A week of rain, after which everything in the forest murmured. In between crevices, pale hatted fungi clustered like students. “I wonder if those are edible?” I whispered. “Brown cap boletus,” my companion answered, bending low over the glowing knot, “great with risotto, but these are young. They need to grow.” “Huh…weird to think something we pass on our hike is a food source.” “Before we farmed, this was our collective memory.” A chubby chipmunk snuffled across our path, brown nut clamped between teeth. Mist dripped from the lichen-covered boughs onto my shoulders. “Think the only wild thing I’ve had was strawberries. They grew in the woods behind our house. What about you?” “Mmm…acorns…nettle…oak moss…” “Huh…you can eat that?” “Everything has a purpose.” The landscape called to my hunger. I made some calculations. “Is it something I could learn?” “Come,” the guide invited, “come with me on my next foraging expedition.”
We met at what I thought was a fallow field neighboring a disused lumber yard. “Where are the plants,” I said, eyeing the plastic debris, the upturned dirt clods. “Here,” the guide replied, kneeling before a fluorescing rosette. “Oh, right…dandelions…heard those make good salads.” “Ever had them fried or in soup?” “N…no,” I said, toeing the crackled earth. “Look, black mustard,” the guide indicated. I eyed the drooping buttercup florets, suspicious. “Like the condiment?” “Yeah, from the seeds. But, the leaves can be blanched like spinach, the root roasted.” The guide moved to a batch of three-lobed leaves. “Um, that’s clover,” I corrected. “Right…the blossoms make for a great vanilla tea. We’ll leave these for the bees, though.” “Huh…turns out a lot of plants I ignore are edible.” My companion shrugged. “It’s easy to narrow our vision.” They heaped a bunch of bedraggled greenery into my arms. I thought of all the laundered produce wrapped in plastic under the supermarket lights.
“Don’t be fooled,” the guide said, pointing to what appeared to be Queen Anne’s lace, “this is hemlock…not parsnip. Highly poisonous.” “Useless, then?” I asked. “Just not meant for us. That doesn’t devalue it.” Our scavenger hunt shuffled us in awkward patterns across the sward. Sometimes my guide uprooted a plant, or cut a stem, or plucked a flower. Often, they left things untouched. “Wow, you really know this piece of land,” I said. “I spend a lot of time here. A space is like a person, the more you get to know them, the richer they become.” I regretted having passed moral judgement on abandoned lots, weeds scrabbling out of asphalt fissures, and naughty brambles.
We met again in the community garden across from where the guide lived — a tangled exploration of roots and branches without border paths. There were no hothouse blooms, no identifying tags, no gloves, no tools. “How do you find anything in here?” I asked. “Don’t rely on your eyes,” my mentor advised, “use all your senses.” I prodded the soil gingerly, wary of what lay in the undergrowth. “Feel the texture of the purslane.” I squished its plumpness between my fingers. “Smell the oxalis.” I sniffed powdered lemon from the sorrel. “Can you hear that?” I bent towards a tall stalk to listen to the rasp of fingernails against tiny hairs. “I’ve made a pie for our lunch.” I scoffed. “Pshh…out of what?” “Let’s eat,” the guide said.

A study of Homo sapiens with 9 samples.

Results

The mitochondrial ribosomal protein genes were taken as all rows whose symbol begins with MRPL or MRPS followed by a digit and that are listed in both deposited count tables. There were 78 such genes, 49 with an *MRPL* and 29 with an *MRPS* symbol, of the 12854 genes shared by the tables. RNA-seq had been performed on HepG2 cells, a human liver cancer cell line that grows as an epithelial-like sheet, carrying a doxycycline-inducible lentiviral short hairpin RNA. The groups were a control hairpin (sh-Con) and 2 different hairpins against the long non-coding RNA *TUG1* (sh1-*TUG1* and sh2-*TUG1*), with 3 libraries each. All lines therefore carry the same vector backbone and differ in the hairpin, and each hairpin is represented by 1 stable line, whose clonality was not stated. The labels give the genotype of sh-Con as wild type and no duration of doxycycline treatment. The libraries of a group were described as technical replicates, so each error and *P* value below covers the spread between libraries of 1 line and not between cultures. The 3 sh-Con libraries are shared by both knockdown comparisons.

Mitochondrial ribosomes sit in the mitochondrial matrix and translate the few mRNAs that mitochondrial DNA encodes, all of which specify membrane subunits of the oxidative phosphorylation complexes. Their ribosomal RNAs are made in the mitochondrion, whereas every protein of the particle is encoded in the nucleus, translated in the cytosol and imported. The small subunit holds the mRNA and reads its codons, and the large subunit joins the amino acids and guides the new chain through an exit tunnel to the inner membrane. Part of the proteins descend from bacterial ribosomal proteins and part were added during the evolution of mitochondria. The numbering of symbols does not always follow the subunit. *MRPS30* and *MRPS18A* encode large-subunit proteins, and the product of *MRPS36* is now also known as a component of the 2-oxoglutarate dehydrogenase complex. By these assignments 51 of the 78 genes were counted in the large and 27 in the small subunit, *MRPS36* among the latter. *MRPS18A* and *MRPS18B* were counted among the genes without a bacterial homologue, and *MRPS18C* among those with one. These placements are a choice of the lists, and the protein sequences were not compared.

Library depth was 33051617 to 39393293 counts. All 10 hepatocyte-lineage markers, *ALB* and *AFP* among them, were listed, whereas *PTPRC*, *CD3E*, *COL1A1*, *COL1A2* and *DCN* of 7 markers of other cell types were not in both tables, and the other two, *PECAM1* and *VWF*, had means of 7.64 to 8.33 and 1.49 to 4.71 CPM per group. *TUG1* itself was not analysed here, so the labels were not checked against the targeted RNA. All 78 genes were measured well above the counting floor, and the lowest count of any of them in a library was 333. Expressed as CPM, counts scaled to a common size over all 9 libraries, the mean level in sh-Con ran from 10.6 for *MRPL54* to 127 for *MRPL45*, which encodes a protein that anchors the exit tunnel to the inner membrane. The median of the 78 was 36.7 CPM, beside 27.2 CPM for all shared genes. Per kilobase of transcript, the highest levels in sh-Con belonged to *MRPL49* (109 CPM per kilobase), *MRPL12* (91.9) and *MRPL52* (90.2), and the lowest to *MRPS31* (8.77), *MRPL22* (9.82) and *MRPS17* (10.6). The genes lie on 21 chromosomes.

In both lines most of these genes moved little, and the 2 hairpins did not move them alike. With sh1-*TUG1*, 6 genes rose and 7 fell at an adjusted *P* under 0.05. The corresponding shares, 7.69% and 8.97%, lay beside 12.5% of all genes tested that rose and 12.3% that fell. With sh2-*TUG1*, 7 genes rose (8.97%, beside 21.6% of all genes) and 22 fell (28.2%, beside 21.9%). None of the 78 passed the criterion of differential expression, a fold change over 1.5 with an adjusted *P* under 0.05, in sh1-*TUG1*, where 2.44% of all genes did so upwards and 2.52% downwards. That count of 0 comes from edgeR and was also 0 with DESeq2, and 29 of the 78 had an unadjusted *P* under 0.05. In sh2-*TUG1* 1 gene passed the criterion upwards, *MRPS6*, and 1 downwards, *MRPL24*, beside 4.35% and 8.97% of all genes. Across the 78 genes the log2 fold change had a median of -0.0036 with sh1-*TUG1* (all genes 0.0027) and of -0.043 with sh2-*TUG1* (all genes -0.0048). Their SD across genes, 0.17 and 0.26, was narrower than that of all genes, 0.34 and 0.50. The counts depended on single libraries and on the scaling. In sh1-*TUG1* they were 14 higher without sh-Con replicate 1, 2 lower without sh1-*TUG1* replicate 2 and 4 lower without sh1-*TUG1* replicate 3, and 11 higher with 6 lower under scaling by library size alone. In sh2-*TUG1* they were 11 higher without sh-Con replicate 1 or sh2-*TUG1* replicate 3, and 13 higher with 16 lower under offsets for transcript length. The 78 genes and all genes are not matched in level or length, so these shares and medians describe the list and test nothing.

The pie tasted of banana and citrus and forgotten summers. I got greedy. “Let’s fetch more. Make oodles of pies,” I suggested. “No. I only take what is necessary. Never the first. Never the last.” I licked my lips, clutching onto that fleeting flavor. “Well. I’ll never forget this dish. Thank you.” “You should also thank the garden.” I felt foolish standing before the vegetation. But, “thank you for your gifts,” I said aloud to the plants. “I wish I knew as much about what to pick and how to make it delicious as you do.” The guide cupped my hands and placed a few sod clumps in them. “Start by tending these.”
I mothered my fledgling cotyledons, reevaluating my commodification of food systems, public terrains, and ancestral knowledge. The buds, they were so fragile…and my appetites so substantial. How would I manage to steward these comestibles? How would I learn to share them? How could I walk the woods again in intimacy with lichen, berry, and prickly vine now the wolf in my stomach had learned to drool for them?
Foraging is one of the oldest traditions, kept alive by oral transference. Regulations in many areas deny indigenous, migrant, and food impoverished communities from learning and practicing their wisdom. I-Collective is working to return food sovereignty to these cultures.
Have you foraged and if so what foods have you gathered and prepared? What foraging guides are available for your area?